Usually in an accident a lot of poor options are thrown about and if the victim is not lucky he/she may end up in an even worse situation.
Just like every Ghanaian is a footballer and a coach, every Ghanaian is a doctor and a pharmacist. Usually in an accident a lot of poor options are thrown about and if the victim is not lucky he/she may end up in an even worse situation. It is an unfortunate truth, but most Ghanaians are clueless when it comes to giving first aid. What do you do when someone cuts themselves, gets a burn, drinks poison or faints? Here is how we get it wrong and what we should do instead.
1. A bleeding Cut
What we do: Look for water and try to wash the blood off. This may sound like a reasonable thing to do but constantly running water over the cut will prevent the blood from clotting thereby causing continuous bleeding.
What you should do: First press firmly over the site with a clean cloth for about 3 to 15 minutes until it stops. You can then clean under lukewarm running water and gently pat dry. If a cut is dirty or was caused by an animal scratch, rinse it with water and gently lather with soap. If it is an animal bite that has caused a deep cut take it to the hospital immediately. If you can't control the bleeding after several attempts with direct pressure rush to hospital. If a large piece of skin has been removed, wrap it in a clean, moist cloth and place it in a bag over ice -- a doctor may be able to reattach it. In a situation where the skin is broken but you are able to control the bleeding, apply a thin layer of an over-the-counter antibiotic ointment (like Neosporin or Bacitracin), then cover with a plaster.
2. Minor Burn
What we do: Rub our hands over it or apply Vaseline. Apply Vaseline is not a bad idea but that is not the first thing you should do. Rubbing a burn with your hand can only make it worse.
What you should do: Immediately hold the burn under cool (not cold) running water for 10 to 15 minutes to soothe the pain. It you got burnt on your fingers remove rings or other tight items from the burned area. Try to do this quickly and gently, before the area swells. If blisters appear in day or two, don’t pop them, let the skin break by itself and apply an anti-biotic cream and cover the area with a bandage or gauze and tape until it's healed. Also be on a look out for any swelling, tenderness, or discharge, these are signs of infection.
3. Major Burn
What we do: Stand there and talk about how bad it looks. We mention the name of Jesus and let our shock play out in a full scale dramatic performance. Oh my God oh my God!!!! How did this happen.
What you should do: Call an ambulance! And if there are no ambulances, you need figure out the safest way of transporting the burnt person. Until help arrives, take these actions: Protect the burned person from further harm. If you can do so safely, make sure the person you're helping is not in contact with smouldering materials or exposed to smoke or heat. But don't remove burned clothing stuck to the skin. Check for signs of circulation. Look for breathing, coughing or movement. Begin CPR if needed. Remove jewellery, belts and other restrictive items, especially from around burned areas and the neck. Burned areas swell rapidly. Don't immerse large severe burns in cold water. Doing so could cause a serious loss of body heat (hypothermia) or a drop in blood pressure and decreased blood flow. Elevate the burned area. Raise the wound above heart level, if possible. Cover the area of the burn. Use a cool, moist, bandage or a clean cloth.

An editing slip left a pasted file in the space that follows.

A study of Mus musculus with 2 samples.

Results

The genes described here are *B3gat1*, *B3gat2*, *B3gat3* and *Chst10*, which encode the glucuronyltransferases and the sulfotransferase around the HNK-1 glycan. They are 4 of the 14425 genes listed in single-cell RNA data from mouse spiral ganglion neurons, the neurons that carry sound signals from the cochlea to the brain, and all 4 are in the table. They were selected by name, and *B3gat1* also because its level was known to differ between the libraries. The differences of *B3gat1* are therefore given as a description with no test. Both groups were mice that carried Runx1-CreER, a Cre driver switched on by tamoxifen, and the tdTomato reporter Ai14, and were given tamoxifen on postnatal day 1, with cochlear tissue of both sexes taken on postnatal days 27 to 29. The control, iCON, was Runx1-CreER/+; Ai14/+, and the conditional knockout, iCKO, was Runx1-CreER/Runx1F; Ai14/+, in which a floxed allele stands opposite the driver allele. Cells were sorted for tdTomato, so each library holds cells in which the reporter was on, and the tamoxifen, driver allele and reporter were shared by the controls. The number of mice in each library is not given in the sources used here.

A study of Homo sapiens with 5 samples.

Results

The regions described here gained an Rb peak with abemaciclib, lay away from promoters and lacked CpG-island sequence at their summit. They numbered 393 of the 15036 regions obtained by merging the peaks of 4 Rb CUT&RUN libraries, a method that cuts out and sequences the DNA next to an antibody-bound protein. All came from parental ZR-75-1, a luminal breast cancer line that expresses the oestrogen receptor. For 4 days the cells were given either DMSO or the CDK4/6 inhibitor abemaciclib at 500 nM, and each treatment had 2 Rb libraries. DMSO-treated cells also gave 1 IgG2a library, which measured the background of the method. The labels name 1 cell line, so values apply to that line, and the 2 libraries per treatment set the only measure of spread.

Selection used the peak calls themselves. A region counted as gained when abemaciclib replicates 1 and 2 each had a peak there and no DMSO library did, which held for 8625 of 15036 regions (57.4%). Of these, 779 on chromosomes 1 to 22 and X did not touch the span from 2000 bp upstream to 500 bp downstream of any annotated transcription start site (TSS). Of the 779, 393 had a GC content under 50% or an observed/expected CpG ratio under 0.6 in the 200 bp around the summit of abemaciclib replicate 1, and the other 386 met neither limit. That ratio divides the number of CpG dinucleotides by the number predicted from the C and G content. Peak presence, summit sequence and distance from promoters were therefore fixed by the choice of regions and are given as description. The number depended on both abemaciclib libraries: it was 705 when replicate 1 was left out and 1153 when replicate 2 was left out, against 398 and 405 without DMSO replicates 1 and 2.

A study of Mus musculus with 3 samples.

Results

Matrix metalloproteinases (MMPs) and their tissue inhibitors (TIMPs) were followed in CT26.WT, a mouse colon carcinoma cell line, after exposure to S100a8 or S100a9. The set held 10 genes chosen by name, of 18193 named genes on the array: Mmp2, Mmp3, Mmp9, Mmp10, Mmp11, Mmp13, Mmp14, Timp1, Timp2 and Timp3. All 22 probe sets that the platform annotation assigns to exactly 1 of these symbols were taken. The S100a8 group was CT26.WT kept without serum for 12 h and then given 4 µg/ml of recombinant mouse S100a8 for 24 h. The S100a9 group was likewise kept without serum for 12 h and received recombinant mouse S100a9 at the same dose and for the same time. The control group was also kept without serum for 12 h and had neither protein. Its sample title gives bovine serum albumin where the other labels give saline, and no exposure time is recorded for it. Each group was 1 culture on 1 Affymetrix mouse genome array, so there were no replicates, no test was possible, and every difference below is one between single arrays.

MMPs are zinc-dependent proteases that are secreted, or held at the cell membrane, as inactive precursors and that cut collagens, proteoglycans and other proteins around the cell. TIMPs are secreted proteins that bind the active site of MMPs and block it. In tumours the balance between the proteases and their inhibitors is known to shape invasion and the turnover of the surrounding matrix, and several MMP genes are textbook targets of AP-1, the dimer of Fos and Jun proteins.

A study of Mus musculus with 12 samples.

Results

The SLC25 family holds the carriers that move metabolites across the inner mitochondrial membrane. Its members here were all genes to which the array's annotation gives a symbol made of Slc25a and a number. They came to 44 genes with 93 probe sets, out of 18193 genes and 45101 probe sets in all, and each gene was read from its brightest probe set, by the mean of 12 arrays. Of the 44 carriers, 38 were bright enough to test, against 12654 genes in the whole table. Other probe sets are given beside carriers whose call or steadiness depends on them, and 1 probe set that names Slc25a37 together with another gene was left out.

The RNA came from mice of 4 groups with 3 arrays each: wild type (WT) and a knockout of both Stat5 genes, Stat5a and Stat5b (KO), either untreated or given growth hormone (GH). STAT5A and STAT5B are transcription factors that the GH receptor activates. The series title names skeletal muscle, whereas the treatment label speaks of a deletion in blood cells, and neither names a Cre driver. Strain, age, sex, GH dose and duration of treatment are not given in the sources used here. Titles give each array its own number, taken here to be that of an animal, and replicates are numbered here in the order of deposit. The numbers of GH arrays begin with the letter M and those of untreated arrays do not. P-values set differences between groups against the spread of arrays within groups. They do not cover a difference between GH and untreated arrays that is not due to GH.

4. Splinter or Glass
What we do: Force the splinter out with our hands, a blade and all sorts of things. Most of the time we end up pushing it deeper into the skin.
What we should do: Use soap and water to wash around the splinter. Clean a pair of tweezers with rubbing alcohol and slowly pull the splinter out. Wash the skin again. When a splinter is hard to remove, leave it for a day or so to see whether it comes out on its own. If your child steps on a piece of glass, and it's not a single shard you can easily remove, gently wrap a clean cloth around the area and go to the E.R. Ask your doctor about an X-ray even if you think you've gotten the glass out; scans often find shards that can lead to infection. If the splinter isn't out after a few days or is causing you pain, turning red, or has pus, see your doctor to have it removed safely.
What we do: Surround the person and make it harder for them to breath, then we throw water on them like we are watering a plant.
What we should do: Position the person on his or her back. If the person is breathing, restore blood flow to the brain by raising the person's legs above heart level — about 12 inches. Loosen belts, collars or other constrictive clothing. To reduce the chance of fainting again, don't get the person up too quickly. If the person doesn't regain consciousness within one minute, rush them to the hospital. Check the person's airway to be sure it's clear. Watch for vomiting. Check for signs of circulation (breathing, coughing or movement). If absent, begin CPR. Continue CPR until you get to the hospital or the person responds and begins to breathe.
What we do: Make them drink palm oil. Even if your grandfather swears that palm oil neutralizes poison please don’t give to someone who has just eaten or drunk poison.
What we should do: Rush the person to the hospital, let a doctor handle this.